Physical and Psychological Benefits of Self-Defense for Social Workers






Diane Long, member of NWMAF’s Self-Defense Leadership Committee



In July, the National Women’s Martial Arts Federation (NWMAF) held its annual Self-Defense Instructor’s Conference in Oberlin, Ohio. Martha Thompson, IMPACT Chicago Instructor, attended. The National Association of Social Workers (NASW) Ohio Chapter offered CEUs for social workers who attended.  The NASW Illinois Chapter offers CEUS for social workers who take IMPACT.

Following is an excerpt of a personal narrative by Diane Long that highlights some of the benefits of self-defense for social work. Diane has taught sex-positive self-defense for over 20 years, locally, nationally and internationally.  Since 2003, she has worked as a French interpreter for psycho-educational groups and mental health services at The Center for Victims of Torture in Minnesota. Her full article appears in the NASW Ohio September-October newsletter


Women’s self-defense programs developed in the same era as social service agencies like women’s shelters, with shared goals of reducing violence and providing critical services. It has always been a natural partnership. Language and practice have evolved over time, to reflect current trends and a growing awareness of how various forms of oppression intersect.  There has been a move from “victim” to “survivor”, encouraging the use of people-first language, developing terminology to describe interpersonal violence that is more inclusive and adapting curriculum to be relevant for diverse groups. Many self-defense teachers offer specialized programming geared towards youth, LGBTQ communities, people with special needs, seniors, etc. There is also a clear need for violence prevention programming for boys and men. Like social workers, self-defense teachers try to respond to the needs of the communities they serve.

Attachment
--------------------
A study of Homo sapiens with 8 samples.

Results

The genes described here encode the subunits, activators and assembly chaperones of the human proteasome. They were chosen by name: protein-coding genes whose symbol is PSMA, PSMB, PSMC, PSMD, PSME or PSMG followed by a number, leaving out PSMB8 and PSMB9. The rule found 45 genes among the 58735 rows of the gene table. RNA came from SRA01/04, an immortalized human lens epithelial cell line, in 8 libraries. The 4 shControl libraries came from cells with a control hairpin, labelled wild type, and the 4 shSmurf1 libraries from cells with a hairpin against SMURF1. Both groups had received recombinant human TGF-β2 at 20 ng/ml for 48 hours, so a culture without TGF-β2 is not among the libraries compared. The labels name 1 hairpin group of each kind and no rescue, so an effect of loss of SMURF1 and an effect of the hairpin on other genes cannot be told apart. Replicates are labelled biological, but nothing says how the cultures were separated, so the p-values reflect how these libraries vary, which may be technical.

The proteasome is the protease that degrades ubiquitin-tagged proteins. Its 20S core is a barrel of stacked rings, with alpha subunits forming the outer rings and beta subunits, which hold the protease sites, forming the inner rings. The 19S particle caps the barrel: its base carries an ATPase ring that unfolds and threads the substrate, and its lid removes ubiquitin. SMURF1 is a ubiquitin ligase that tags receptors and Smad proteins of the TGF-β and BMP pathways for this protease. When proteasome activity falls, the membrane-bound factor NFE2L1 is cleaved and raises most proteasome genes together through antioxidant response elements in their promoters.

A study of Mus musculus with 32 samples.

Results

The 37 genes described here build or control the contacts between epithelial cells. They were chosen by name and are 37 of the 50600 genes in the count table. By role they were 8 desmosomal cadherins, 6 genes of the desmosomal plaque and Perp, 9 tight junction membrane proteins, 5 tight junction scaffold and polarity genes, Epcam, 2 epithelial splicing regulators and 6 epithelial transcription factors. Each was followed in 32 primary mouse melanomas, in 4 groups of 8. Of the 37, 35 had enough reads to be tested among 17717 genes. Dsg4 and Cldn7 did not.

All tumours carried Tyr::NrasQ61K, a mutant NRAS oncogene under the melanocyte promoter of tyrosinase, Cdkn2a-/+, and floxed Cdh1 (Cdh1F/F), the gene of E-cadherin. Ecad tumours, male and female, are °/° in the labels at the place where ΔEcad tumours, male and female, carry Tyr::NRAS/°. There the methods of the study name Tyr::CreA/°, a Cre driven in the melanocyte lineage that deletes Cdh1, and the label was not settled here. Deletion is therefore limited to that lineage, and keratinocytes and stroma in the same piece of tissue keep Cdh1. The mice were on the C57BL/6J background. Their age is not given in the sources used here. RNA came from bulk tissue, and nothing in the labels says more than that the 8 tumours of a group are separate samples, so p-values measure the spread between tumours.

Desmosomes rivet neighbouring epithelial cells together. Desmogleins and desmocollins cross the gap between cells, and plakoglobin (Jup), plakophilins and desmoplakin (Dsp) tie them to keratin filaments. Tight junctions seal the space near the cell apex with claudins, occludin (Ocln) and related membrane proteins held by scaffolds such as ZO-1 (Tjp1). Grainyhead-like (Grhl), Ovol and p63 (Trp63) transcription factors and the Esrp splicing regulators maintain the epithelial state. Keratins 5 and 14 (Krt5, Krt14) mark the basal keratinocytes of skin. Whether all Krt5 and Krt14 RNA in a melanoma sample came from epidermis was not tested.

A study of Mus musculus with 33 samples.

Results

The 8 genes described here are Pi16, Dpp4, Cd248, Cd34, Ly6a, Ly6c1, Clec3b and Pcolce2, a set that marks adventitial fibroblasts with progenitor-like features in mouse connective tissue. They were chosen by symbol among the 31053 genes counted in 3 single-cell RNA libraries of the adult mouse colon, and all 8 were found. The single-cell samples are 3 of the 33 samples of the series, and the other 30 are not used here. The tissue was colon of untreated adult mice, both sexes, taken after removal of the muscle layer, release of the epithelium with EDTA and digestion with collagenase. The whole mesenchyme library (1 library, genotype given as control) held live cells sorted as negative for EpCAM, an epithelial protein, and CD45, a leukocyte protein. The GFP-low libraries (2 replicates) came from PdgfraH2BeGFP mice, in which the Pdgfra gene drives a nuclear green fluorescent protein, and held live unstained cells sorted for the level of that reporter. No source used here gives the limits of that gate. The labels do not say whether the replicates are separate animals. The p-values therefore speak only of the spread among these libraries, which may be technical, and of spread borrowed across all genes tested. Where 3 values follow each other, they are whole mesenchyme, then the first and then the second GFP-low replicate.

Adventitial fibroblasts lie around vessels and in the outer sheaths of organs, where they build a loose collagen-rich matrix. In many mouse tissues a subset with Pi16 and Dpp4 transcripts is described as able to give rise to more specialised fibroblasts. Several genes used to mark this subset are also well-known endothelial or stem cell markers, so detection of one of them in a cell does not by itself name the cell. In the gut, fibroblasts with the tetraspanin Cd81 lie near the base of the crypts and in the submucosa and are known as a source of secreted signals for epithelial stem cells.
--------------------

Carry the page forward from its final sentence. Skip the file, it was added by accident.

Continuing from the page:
Social workers themselves can benefit from the tools self-defense offers in concrete ways. At this year’s NWMAF conference, Clara Porter, MSW, offered a class on Field and Office Safety. The Occupational Safety and Health Administration (OSHA) ranks health care, including social work, the third most violent profession in terms of workplace violence.  Social workers need to make safety assessments of locations and situations and develop safety plans. They need to set and maintain clear boundaries with clients and program participants. Assertive communication and de-escalation skills are needed to address inappropriate or threatening behavior and also for day-to-day interactions in the workplace. In a way that is similar to Basic First Aid, simple and effective physical defense and containment skills increase a personal sense of security and confidence in one’s ability to respond in a crisis. This translates into more ease in daily life.